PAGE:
In the years I spent talking to people in the pet store about reptiles, there were two things I had to repeat and repeat. I’ll deal with the second one in a later post. The first one was that what is warm to us is not warm for reptiles.
I can understand a new herp keeper, or someone not yet into the reptile world, being perhaps a little confused about this. Human beings are quite happy lying around naked at about eighty degrees Fahrenheit. Much warmer than that and we break a sweat. This is because we’re warm-blooded, and have our own little heating-and-cooling system.
When we get too hot, we sweat so that evaporation will cool us down. When we get too cold, we shiver, a muscle action that is designed to raise our temperatures.
Reptiles neither sweat nor shiver. If they’re too hot, they die of heat prostration. If they’re too cold, they die of hypothermia or, more slowly, starvation. That’s if an infection doesn’t get them first.
Reptiles need to be warm. Their definition of “warm” is different from ours. If you take a bearded dragon, which is adapted to live in the desert, and move it into your temperature-controlled 68-degree home, it may not get as cold as it would on a desert night, but neither will it get as warm as it would in the daytime. While a sixty-some-degree nighttime temperature won’t hurt it, it needs a much higher daytime temperature simply in order to digest its food.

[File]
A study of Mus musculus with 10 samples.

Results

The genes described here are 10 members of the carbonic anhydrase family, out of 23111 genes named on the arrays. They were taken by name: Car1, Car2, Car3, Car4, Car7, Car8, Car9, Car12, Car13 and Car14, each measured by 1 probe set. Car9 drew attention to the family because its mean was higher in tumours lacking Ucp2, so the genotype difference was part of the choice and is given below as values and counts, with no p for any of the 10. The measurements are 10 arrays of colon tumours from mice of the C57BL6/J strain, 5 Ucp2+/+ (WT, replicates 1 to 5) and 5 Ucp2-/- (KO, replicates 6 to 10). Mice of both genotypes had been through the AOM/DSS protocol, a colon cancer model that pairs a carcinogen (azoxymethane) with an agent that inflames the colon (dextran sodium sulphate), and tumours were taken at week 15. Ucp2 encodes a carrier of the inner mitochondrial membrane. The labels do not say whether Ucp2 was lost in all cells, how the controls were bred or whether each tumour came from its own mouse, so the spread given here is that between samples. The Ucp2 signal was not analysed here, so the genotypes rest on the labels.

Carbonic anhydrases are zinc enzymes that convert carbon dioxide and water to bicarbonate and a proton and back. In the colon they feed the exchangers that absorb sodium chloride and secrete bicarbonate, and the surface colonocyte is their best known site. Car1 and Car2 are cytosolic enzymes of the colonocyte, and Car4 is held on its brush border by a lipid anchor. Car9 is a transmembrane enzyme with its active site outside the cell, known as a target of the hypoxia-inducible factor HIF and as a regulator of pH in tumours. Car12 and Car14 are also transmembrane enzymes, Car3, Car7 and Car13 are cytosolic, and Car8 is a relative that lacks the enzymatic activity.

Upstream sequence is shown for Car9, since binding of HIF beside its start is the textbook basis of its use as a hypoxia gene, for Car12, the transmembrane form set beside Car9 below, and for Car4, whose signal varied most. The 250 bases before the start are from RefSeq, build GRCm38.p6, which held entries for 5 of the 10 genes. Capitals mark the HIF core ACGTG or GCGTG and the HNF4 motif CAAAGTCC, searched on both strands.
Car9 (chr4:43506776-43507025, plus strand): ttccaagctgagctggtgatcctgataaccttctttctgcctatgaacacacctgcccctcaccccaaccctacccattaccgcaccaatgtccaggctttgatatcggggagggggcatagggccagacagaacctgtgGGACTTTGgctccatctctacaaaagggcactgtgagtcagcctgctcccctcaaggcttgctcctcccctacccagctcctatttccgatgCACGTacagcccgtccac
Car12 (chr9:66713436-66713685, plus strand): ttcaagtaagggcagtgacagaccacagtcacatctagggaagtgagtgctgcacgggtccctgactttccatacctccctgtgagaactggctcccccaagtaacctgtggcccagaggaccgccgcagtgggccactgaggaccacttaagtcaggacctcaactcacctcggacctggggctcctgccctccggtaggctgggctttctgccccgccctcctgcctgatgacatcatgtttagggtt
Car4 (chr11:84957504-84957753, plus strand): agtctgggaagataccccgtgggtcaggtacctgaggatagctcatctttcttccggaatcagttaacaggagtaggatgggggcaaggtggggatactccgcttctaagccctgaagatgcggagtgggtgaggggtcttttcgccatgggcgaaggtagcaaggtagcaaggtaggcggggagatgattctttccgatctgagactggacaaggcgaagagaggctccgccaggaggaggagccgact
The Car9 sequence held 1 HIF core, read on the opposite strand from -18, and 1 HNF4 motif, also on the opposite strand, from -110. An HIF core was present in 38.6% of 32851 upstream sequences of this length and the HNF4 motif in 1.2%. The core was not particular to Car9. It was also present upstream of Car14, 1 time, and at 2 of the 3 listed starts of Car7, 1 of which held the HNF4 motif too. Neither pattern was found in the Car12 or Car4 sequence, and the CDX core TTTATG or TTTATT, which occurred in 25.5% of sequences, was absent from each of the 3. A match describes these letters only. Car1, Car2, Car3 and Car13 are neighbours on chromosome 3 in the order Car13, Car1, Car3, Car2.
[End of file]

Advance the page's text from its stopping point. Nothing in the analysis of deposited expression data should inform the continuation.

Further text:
Human digestive systems have to be very cold to shut down, because we have a constant internal temperature that tends to keep our systems running, even if we eat cold food. You could digest ice cream in a snowstorm.
Reptile digestive systems rely on external heat to keep them warm enough to work. This is why reptiles bask; without that heat, they can’t metabolize their food.
If there’s one key word to keeping reptiles, that word is “heat”. The right amount, at the right time, and your reptile will be a happy camper.